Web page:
Ratings agency Moody's today warned it may downgrade the rating of major French banks Credit Agricole, BNP Paribas and Société Générale because of their exposure to Greek debt.
The announcement came as European leaders failed to agree on the terms of a possible second bail-out for Greece to avert a possible default after talks in Brussels last night.
Moody's said it had 'placed the standalone financial strength ratings and long-term debt and deposit ratings of three French banking groups on review for possible downgrade.'
It said it would review the banks' exposure 'to Greek government debt and the Greek private sector and the potential for inconsistency between the impact of a possible Greek default or restructuring and current rating levels.'
'Today's actions reflect Moody's concerns about these banks' exposures to the Greek economy, either through direct holdings of government bonds or credit extended to the Greek private sector directly or through subsidiaries operating in Greece,' it added.
France's minister for Europe, Laurent Wauquiez, moved to calm concerns raised by the announcement. 'The French banking sector is less exposed than the German banking sector. We need to stay calm and serene on all these issues,' he said.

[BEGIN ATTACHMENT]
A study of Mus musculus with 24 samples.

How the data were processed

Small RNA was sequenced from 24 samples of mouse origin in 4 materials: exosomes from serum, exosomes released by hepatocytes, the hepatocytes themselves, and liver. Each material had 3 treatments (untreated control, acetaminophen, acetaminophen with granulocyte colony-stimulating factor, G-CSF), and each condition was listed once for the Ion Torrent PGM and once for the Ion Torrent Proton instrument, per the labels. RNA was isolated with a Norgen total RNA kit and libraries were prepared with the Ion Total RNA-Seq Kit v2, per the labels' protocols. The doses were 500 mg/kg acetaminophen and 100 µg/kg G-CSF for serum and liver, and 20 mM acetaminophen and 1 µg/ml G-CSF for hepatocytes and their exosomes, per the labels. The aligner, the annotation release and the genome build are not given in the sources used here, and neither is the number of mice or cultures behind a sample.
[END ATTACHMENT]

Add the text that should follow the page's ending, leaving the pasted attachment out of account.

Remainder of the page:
Moody's had already downgraded the deposit and senior debt ratings of eight Greek banks on June 3, having downgraded Greece's sovereign ratings just days earlier. It said Credit Agricole and Société Générale both had banking subsidiaries in Greece which had already been downgraded.
BNP does not have a banking subsidiary in Greece and its exposure to the country was 'more modest', Moody's said, although BNP held Greek government debt of around €5 billion by the end of last year. BNP said last month it would likely be able to absorb the shock of a restructuring of Greece's debt.
Moody's said that Franco-Belgian bank Dexia could also face a downgrade due to its exposure to the Greek market.
IMF ups French forecast - Lagarde
The International Monetary Fund has sharply raised its growth forecast for France for this year and next to 2%, from 1.6% and 1.8% respectively, the French economy minister said today.
Minister Christine Lagarde unveiled an embargoed IMF report in which the global lender brought its forecast into line with France's own target. But the report warned the French government to be 'realistic' in its budget plans despite the stronger forecast.